80 ... Italian El Alamein Memorial (Hill 33)       

During July (Ruweisat Ridge) and august (Alam El Halfa Ridge) Rommel's forces tried to break this position but they were repulsed and lost ground in particular to the Australians around Tel El Eisa. The allies (under Lt-Gen Montgomery) gradually built-up a two to one superiority over Rommel's forces in men, tanks and materials. The armies strengthened their defences with kilometres of trenches and land mines, in anticipation of the final conflict.
The main battle commenced on 23 October along a 10 km front (refer map). The allies gradually advanced but fierce fighting persisted for 12 days during which thousands died on both sides.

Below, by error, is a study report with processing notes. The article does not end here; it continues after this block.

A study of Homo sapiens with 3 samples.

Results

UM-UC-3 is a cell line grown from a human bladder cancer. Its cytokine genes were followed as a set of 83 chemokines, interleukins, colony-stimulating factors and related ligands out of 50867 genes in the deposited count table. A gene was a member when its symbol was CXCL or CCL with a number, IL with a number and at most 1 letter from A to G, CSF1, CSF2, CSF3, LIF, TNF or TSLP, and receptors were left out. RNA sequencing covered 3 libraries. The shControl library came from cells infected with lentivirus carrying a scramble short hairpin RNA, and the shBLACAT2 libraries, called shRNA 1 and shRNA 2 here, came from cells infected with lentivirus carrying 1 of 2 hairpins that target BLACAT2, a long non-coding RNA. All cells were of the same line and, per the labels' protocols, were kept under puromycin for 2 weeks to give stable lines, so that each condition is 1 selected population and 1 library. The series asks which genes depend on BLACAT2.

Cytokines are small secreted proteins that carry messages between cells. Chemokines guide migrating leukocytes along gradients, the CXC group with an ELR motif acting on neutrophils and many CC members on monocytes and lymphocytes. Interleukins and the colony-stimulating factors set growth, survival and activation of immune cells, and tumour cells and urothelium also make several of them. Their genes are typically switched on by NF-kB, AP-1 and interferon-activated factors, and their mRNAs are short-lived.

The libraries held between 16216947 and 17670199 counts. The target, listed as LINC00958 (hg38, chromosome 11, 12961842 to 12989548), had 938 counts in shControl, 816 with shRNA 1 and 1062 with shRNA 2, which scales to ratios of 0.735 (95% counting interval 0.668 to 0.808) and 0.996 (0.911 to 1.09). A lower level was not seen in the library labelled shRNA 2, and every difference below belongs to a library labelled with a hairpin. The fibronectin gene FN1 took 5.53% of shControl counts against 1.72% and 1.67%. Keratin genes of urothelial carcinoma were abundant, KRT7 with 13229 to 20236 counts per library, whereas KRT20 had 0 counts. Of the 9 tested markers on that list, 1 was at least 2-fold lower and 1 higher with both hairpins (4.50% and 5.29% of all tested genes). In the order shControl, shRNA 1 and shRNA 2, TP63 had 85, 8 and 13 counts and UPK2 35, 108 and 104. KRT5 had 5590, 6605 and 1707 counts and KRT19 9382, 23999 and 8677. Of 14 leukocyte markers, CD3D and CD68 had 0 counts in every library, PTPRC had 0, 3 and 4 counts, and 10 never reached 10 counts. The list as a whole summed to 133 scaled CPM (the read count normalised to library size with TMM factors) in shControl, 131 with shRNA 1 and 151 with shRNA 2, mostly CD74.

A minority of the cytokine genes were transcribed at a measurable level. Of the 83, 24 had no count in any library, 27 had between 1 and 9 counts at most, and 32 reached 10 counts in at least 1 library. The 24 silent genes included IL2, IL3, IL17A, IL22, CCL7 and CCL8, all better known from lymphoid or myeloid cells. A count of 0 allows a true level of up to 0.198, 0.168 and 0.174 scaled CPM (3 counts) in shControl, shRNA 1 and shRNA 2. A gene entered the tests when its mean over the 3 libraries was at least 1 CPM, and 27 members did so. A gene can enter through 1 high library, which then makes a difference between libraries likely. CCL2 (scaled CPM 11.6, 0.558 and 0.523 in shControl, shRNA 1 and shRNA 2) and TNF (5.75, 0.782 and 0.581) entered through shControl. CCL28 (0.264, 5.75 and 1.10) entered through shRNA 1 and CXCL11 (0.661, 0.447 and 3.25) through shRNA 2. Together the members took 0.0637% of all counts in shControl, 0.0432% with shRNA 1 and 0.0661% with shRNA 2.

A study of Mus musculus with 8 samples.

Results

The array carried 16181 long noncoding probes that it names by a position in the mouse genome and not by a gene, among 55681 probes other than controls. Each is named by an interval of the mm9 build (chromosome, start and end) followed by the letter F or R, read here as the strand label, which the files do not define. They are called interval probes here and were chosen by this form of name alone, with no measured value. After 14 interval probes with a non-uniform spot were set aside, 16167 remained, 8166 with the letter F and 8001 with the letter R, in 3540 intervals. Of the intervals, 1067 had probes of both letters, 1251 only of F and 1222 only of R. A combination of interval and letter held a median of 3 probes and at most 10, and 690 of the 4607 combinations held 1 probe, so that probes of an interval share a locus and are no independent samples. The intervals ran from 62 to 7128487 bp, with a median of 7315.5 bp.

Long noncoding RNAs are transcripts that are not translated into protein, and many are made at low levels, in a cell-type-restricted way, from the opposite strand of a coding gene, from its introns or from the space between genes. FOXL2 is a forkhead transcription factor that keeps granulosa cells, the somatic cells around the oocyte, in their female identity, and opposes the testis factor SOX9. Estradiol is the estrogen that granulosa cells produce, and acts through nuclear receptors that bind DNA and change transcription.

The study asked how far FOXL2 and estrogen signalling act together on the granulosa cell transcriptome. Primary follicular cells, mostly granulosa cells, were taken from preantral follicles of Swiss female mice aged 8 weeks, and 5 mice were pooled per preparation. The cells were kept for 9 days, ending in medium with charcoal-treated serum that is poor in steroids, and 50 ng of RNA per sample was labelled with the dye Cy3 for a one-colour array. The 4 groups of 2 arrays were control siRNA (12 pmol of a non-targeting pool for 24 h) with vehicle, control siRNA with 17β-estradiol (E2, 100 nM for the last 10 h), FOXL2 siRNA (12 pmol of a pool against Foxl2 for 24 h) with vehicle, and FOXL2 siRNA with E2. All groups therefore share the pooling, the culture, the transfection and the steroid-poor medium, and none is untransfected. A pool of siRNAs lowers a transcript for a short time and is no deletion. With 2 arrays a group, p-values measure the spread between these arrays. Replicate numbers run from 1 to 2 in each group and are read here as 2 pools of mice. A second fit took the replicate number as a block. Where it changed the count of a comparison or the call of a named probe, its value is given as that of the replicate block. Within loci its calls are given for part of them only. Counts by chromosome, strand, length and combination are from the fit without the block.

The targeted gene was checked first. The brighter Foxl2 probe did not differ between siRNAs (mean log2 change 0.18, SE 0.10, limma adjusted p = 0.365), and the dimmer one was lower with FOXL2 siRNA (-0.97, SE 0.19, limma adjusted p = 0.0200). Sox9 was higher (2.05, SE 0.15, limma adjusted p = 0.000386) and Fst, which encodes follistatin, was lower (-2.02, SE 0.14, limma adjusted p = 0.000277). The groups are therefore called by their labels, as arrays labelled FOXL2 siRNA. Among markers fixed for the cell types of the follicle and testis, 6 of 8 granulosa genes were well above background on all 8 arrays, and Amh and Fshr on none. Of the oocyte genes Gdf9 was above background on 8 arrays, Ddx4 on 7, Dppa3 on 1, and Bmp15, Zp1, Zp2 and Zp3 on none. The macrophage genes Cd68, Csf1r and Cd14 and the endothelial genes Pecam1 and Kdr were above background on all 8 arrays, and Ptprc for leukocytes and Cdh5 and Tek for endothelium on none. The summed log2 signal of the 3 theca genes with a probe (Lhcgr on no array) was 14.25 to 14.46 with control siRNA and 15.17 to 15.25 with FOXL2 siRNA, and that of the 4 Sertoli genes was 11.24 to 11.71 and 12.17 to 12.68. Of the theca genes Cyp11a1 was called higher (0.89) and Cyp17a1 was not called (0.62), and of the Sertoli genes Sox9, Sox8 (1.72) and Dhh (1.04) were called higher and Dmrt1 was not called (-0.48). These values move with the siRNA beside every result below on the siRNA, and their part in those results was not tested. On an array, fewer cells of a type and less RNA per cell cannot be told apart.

On 3 November British tanks finally broke through near tell El Aqqaqir and the axis forces retreated ending one of history's great battles.
For generations to come the sacrifices made by the men who fought here will stand as their eternal memorial.

After bitter fighting with the Italians, Hill 33 was captured by the Australians on 10 July 1942 and it then became part of the front line until November. The hill, strategically important in the campaign now provides an elevated position on which the Italian war memorial and ossuary are sited.

Since the war, as Italian migration to Australia has progressed, a new and peaceful relationship has developed between the people of these two nations. The Italian community has brought with it a rich and enhancing culture that has added much to the Australian way of life.

This plaque commemorates the courage and the sacrifice of the Italian and the Australian men who fought at El Alamein.